Canadian consumer price inflation continued to be stable at 2 percent on a year-on-year in July, above consensus expectations of a deceleration to 1.7 percent. Sequentially, seasonally adjusted prices were up a strong 0.4 percent.
Monthly price gains were led by recreation and education. Price gains for multipurpose digital devices was the main source of price pressure in the recreation index. Statistics Canada notes that the introduction of unlimited cell phone contracts has shifted more of the cost of devices onto consumers.
Transportation was another big gainer. Increased prices for air transportation were once again a main driver. This has been a considerably volatile component of the CPI over the last two years and outsized gains should be taken with a grain of salt.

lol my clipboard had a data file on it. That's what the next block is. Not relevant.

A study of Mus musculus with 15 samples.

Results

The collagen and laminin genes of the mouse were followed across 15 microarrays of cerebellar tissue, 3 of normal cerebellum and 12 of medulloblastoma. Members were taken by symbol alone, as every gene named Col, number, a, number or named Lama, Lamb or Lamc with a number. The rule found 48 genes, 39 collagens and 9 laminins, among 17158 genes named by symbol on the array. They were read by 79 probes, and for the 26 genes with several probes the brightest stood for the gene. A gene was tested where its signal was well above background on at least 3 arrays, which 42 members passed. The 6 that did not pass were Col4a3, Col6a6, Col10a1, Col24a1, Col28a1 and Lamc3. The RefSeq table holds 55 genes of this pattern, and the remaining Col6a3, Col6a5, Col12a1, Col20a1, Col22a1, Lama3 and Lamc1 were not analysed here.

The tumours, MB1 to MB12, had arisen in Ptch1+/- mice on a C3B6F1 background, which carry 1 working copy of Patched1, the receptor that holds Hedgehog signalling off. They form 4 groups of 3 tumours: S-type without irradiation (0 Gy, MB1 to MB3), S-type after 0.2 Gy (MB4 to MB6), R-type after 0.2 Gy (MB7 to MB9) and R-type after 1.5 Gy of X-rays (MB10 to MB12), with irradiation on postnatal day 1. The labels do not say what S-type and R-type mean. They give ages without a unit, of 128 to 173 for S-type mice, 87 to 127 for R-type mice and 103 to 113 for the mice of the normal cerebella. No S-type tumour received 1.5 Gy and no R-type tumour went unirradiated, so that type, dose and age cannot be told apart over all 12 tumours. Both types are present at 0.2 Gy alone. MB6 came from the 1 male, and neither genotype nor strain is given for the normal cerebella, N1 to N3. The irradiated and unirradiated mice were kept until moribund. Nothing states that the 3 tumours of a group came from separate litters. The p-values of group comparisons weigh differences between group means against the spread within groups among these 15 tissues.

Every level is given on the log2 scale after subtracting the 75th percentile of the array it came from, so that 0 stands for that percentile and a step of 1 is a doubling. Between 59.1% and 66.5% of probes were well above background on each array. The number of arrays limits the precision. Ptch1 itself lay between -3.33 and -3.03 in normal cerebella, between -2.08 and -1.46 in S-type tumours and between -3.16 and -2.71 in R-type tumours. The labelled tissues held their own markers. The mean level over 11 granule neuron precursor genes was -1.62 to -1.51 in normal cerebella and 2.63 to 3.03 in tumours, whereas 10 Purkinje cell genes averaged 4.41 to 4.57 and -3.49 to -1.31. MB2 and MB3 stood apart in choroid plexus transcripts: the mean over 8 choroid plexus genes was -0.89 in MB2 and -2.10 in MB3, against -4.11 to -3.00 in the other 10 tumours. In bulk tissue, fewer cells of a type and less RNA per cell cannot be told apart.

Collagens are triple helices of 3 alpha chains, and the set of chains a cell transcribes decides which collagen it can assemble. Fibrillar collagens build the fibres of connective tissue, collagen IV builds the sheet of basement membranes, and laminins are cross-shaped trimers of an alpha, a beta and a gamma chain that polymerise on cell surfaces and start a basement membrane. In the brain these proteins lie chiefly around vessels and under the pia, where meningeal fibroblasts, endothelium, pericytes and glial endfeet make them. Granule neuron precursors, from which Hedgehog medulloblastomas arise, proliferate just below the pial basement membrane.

Two of the three Bank of Canada core inflation measures remained the same in July. CPI-median and CPI-trim both came in at 2.1 percent, same as in June. Meanwhile, the CPI-common measure rose to 1.9 percent from 1.8 percent. On average the measures still sit at 2 percent.
Inflation came in above expectations, but some volatility in underlying components imply little to worry about on a trend basis, noted TD Economics in a research report. With inflation in line of the central bank’s target and wage growth now showing some life, the Bank of Canada should be pleased with its recent performance in maintaining stable price growth.
“We have heard little from Bank of Canada officials over the past month despite the whirlwind of developments on the global front and reaction in financial markets. Market expectations are for at least one rate cut before the end of the year. The actions of the Federal Reserve loom large on this front. More rate cuts stateside will increase the communication challenge for the Bank of Canada. Conservative expectations for economic growth appear to be part of the communication strategy. The central bank has set a low bar for growth to jump over, suggesting a high bar for them to move off their current monetary stance”, added TD Economics.